What’s bonded broadband?

As ISPs struggle to improve broadband infrastructure in remote or sparsely-populated regions, bonded broadband offers a workaround.

Wednesday, 8 June, 2022

When you sign up to a new broadband package through BroadbandDeals.co.uk, the process is pretty linear.

Your chosen ISP will become solely responsible for distributing internet data along a single connection into your home.

If that connection is rapid – such as with full fibre broadband deals – you should enjoy a service which is fast enough to cope with high definition streaming and/or immersive online gaming.

But what happens if your connection is slow?

As we’ve previously reported, ADSL broadband offers modest download speeds of 11-13 megabits per second (Mbps), and upload speeds typically struggling to reach 1Mbps.

That’ll support light internet usage, but it could hold back home workers, media students or avid gamers.

If that’s the fastest connection accessible at your property, you might assume your only alternatives are to invest in satellite broadband or rely on a 5G mobile router.

Yet there is a potential workaround which might become increasingly popular in Britain as consumer technology advances but the infrastructure needed to power it lags behind in places.

What is bonded broadband?

In essence, it involves yoking several broadband lines together, and using their collective bandwidth to deliver faster connectivity.

Imagine you have an ADSL telephone line connecting to your house. As mentioned above, it’ll deliver speeds of around 11Mbps.

If you added a second line, and bonded them together, you could achieve 22Mbps.

The process of combining two or more connections into one is managed by a device called a load balancer.

Typically capable of supporting up to eight connections simultaneously, a load balancer can distribute data at over 900Mbps, where there’s sufficient bandwidth to do so.

Nor are you restricted to using the same type of connection in tandem or sequence.

A bonded network could combine ADSL, Fibre to the Cabinet and full Fibre to the Premises connections, alongside 4G mobile networks.

The data itself doesn’t know how it’s being distributed, so bonding is equally suitable for offices, multi-generational households, file-heavy home workers and entrepreneurs.

Regardless of how many different connections have been lashed together, a bonded service behaves as a single line in and out of your property, with a solitary IP address.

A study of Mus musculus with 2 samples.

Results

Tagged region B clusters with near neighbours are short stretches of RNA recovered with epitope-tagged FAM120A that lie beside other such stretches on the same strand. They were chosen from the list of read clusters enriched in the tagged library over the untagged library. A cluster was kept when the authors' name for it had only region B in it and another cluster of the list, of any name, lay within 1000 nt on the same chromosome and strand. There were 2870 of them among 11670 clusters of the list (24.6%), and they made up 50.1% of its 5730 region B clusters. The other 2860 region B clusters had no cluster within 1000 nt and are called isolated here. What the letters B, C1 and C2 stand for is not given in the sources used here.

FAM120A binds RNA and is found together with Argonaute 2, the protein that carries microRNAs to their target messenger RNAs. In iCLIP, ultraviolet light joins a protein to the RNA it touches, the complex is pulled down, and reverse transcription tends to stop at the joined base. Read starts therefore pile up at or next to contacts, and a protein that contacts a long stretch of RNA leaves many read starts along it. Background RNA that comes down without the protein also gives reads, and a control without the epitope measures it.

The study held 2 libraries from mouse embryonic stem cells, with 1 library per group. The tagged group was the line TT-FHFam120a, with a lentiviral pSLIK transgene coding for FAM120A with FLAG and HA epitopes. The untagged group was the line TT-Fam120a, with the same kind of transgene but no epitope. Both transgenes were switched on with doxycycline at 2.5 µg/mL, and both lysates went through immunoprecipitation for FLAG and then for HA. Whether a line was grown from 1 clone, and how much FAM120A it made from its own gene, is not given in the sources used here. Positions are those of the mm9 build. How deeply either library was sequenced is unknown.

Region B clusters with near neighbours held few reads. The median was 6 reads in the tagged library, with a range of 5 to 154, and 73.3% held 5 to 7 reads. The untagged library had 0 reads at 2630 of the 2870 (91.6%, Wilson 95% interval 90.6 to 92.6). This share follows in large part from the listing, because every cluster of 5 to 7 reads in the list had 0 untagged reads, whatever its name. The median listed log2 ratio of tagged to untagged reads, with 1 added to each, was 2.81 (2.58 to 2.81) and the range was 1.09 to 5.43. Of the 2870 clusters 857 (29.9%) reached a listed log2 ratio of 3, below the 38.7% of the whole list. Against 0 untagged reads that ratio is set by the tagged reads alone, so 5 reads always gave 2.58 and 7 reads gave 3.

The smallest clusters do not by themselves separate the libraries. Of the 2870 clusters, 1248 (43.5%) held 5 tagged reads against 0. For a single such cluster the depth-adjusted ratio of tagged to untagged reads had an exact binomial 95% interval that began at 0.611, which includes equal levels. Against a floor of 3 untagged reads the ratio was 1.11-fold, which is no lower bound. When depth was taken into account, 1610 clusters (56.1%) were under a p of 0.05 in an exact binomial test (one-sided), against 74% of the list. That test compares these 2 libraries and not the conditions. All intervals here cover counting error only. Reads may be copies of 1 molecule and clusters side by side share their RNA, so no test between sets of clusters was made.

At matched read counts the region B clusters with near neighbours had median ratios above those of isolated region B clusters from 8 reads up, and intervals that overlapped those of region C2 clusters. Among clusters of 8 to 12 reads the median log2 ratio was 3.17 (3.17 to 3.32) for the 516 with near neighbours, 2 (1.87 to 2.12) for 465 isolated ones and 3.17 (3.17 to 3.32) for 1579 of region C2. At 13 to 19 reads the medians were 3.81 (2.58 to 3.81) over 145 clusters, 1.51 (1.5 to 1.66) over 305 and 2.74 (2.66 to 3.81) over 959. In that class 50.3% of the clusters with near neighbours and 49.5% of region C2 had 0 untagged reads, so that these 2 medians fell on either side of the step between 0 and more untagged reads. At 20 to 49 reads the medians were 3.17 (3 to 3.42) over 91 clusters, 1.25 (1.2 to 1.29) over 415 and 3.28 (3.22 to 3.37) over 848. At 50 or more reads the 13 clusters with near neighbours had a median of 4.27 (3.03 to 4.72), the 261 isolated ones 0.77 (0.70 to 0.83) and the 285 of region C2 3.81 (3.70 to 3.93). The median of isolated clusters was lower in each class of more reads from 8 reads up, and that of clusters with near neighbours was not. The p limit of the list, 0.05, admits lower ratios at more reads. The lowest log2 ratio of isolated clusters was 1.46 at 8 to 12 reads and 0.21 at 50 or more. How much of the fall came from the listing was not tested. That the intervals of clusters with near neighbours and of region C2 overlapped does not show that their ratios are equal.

Advantages of bonded broadband

Although it’s an infrastructure-heavy solution that’s often quite expensive to setup and maintain, bonded broadband offers some notable benefits.

Firstly, it brings greater resilience. If one line develops a fault, data is seamlessly shifted elsewhere without interruption. That’s useful for services which can’t be allowed to drop out.

Faster connectivity helps to mitigate the slow speeds achievable over some VPN services, which might otherwise be unusable across older connections.

Depending how sophisticated your setup is, it may be possible to separate voice and data services onto different lines, or prioritise certain traffic along the fastest connections.

Improving sluggish upload speeds is a particular benefit for anyone reliant on cloud storage like Microsoft’s OneDrive, which can take an eternity to update on an ADSL connection.

If your local exchange isn’t due to be upgraded any time soon, and community fibre partnerships aren’t an option, a bonded connection provides an interim speed boost.

And although bonding is usually adopted by companies struggling to operate efficiently, it may also represent a lifeline for residential dwellings left behind by full fibre’s rollout.

However, you will need to invest in some technical support and hardware before combining a landline connection with 4G mobile network coverage, for example.

Neil Cumins author picture


Neil is our resident tech expert. He's written guides on loads of broadband head-scratchers and is determined to solve all your technology problems!